City homes lying vacant due to delays in getting Garda clearance on tenants


DELAYS IN securing Garda clearance for new social housing tenants has left large numbers of flats and houses in Dublin city empty, a Labour city councillor has said.

It is estimated that 10 per cent of the council's housing stock is lying vacant, compared with a national average of less than 5 per cent. Cllr Seán Kenny said a large number of these vacancies have arisen because the council will not house tenants until they have received clearance from gardaí.

The council claims that most of the vacant units are ones due for demolition under its various refurbishment programmes.

Social housing applicants who have reached the top of the housing list in their area are being forced to wait for an additional period while council officials try to get clearance from local gardaí, Mr Kenny said.

"Some people are waiting on the housing list for 10 years or more. The system of Garda checks was brought in for very sensible reasons, to combat drug dealing and anti-social behaviour, but it is very frustrating for decent people who know houses are vacant for quite a long time."

Council officials have told Mr Kenny that because of Garda shift patterns, a particular garda who might be assigned to vetting a tenant could be working outside office hours for an extended period and be uncontactable by the council. Mr Kenny said while he understood Garda resources were limited, a garda at management level should be assigned to ensure the system works.

"I am calling on the Government, Justice Minister, and Garda Commissioner to give a higher priority to this identifiable gap in Garda housing estate management. It is appalling with the numbers of people on housing lists, close to 50,000 families nationally, that thousands of local authority homes are lying empty."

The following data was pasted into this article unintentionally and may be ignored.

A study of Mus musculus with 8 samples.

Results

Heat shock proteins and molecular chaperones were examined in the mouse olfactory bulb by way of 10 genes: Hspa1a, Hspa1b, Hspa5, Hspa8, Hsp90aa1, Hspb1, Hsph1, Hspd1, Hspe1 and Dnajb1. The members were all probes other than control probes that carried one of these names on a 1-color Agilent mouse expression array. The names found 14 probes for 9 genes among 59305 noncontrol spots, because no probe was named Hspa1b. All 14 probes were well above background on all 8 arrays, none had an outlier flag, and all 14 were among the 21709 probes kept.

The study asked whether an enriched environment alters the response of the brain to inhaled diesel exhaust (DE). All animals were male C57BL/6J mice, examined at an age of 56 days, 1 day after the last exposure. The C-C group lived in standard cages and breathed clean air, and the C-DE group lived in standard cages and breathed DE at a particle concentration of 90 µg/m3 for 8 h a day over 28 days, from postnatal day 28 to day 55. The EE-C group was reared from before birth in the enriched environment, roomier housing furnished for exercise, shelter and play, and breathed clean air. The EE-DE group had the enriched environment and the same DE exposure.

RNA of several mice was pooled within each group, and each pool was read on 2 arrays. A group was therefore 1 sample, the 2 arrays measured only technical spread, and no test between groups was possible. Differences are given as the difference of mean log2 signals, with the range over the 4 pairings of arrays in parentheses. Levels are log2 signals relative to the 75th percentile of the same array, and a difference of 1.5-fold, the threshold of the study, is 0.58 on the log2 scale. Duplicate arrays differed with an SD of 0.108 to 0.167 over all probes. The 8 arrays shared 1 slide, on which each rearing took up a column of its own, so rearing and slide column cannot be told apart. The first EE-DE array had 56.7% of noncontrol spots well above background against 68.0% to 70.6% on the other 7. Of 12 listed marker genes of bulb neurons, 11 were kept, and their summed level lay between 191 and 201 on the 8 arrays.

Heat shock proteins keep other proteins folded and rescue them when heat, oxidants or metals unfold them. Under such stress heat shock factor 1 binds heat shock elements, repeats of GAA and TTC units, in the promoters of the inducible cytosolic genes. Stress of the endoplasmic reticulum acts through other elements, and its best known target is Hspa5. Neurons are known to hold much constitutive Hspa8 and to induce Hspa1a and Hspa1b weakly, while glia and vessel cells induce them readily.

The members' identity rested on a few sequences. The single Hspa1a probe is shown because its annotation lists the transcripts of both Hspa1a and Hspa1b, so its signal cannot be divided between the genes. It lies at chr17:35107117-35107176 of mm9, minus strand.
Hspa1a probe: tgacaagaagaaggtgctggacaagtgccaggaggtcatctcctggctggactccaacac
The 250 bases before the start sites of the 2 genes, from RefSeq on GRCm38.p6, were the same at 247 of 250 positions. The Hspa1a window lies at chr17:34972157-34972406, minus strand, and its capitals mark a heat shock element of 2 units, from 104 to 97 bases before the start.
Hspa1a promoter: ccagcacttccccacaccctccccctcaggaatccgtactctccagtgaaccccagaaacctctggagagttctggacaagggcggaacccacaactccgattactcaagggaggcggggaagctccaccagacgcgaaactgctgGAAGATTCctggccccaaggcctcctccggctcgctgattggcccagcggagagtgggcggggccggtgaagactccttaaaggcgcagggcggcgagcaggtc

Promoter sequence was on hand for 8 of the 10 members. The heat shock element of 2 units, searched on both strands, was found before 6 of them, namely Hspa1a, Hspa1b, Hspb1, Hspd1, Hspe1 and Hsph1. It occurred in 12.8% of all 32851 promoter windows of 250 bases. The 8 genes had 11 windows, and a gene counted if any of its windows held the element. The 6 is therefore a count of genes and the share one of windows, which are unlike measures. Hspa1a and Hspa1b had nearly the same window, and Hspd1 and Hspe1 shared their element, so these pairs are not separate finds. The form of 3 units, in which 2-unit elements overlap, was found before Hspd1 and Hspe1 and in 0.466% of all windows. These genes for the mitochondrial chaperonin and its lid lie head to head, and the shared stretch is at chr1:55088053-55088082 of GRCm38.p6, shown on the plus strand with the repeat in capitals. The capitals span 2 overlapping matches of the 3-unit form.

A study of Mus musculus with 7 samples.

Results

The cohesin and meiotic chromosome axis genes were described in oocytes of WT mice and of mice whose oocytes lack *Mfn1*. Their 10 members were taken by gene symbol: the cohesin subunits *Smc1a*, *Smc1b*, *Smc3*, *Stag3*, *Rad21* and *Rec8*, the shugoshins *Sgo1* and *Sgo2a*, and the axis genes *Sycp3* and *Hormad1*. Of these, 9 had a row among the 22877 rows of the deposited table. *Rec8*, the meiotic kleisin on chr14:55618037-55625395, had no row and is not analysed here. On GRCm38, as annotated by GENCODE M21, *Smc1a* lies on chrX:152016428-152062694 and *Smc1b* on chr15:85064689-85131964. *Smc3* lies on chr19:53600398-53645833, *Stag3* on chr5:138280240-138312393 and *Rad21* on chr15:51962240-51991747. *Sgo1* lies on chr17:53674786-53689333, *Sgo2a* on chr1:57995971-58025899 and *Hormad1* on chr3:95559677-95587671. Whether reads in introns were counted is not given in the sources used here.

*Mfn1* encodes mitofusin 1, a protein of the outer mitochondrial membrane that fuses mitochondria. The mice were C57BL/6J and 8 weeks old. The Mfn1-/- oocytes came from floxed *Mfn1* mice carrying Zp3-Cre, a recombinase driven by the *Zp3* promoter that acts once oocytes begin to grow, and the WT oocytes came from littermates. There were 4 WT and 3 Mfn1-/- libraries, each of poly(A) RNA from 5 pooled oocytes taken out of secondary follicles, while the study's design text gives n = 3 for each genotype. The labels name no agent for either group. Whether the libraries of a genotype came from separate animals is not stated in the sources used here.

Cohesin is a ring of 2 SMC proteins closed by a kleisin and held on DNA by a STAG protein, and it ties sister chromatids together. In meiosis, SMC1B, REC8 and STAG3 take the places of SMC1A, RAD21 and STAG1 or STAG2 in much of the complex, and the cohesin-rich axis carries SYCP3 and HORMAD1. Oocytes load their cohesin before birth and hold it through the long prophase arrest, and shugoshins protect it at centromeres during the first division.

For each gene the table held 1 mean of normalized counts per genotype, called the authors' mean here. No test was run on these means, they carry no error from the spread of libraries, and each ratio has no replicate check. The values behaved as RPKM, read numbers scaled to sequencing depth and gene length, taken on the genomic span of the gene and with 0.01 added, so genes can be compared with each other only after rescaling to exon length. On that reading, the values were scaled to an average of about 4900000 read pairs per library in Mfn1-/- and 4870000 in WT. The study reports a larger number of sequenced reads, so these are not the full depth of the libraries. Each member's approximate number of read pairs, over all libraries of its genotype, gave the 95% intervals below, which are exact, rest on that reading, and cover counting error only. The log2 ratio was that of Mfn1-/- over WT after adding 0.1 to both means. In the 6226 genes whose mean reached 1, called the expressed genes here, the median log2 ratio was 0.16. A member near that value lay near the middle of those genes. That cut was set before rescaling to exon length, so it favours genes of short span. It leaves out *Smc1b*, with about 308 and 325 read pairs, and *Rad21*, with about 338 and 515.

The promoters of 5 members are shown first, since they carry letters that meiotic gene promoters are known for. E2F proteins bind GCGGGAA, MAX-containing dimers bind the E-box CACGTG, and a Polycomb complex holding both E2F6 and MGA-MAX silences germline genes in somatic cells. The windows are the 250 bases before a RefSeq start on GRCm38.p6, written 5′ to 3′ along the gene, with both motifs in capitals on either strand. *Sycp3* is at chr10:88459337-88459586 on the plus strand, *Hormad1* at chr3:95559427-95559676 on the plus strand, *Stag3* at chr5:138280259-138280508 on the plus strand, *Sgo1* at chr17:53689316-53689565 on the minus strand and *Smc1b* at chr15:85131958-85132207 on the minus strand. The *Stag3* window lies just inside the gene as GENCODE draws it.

A spokesman for the council said it was monitoring the amount of time it takes to fill empty units. While Garda checks may be an aspect of the problem, delays were generally caused by the need for repairs, the rate of refusals, and the policy of giving a period of grace to families to move possessions following the death of a tenant, it said.

Currently, 3,108 social housing units in the city are vacant, the council said. "A breakdown of this figure will show that the majority of these empty units are vacant pending demolition in places such as Ballymun, St Michael's Estate and O'Devaney Gardens, or are vacant pending refurbishment of the entire block of units."

Just over 7 per cent of the total housing stock was awaiting demolition, the council said.

"Of the 3,018 empty units, a total of 2, 165 units will not be relet again. Therefore, the true figure of units empty that will be relet is 853, which represents 3.1 per cent of the total stock."

The Garda checks were part of the council's efforts to provide a secure and safe environment for tenants, it said.

The Department of the Environment said Garda checks are not required under housing legislation, but the 1997 housing act does enable local authorities to carry out such checks.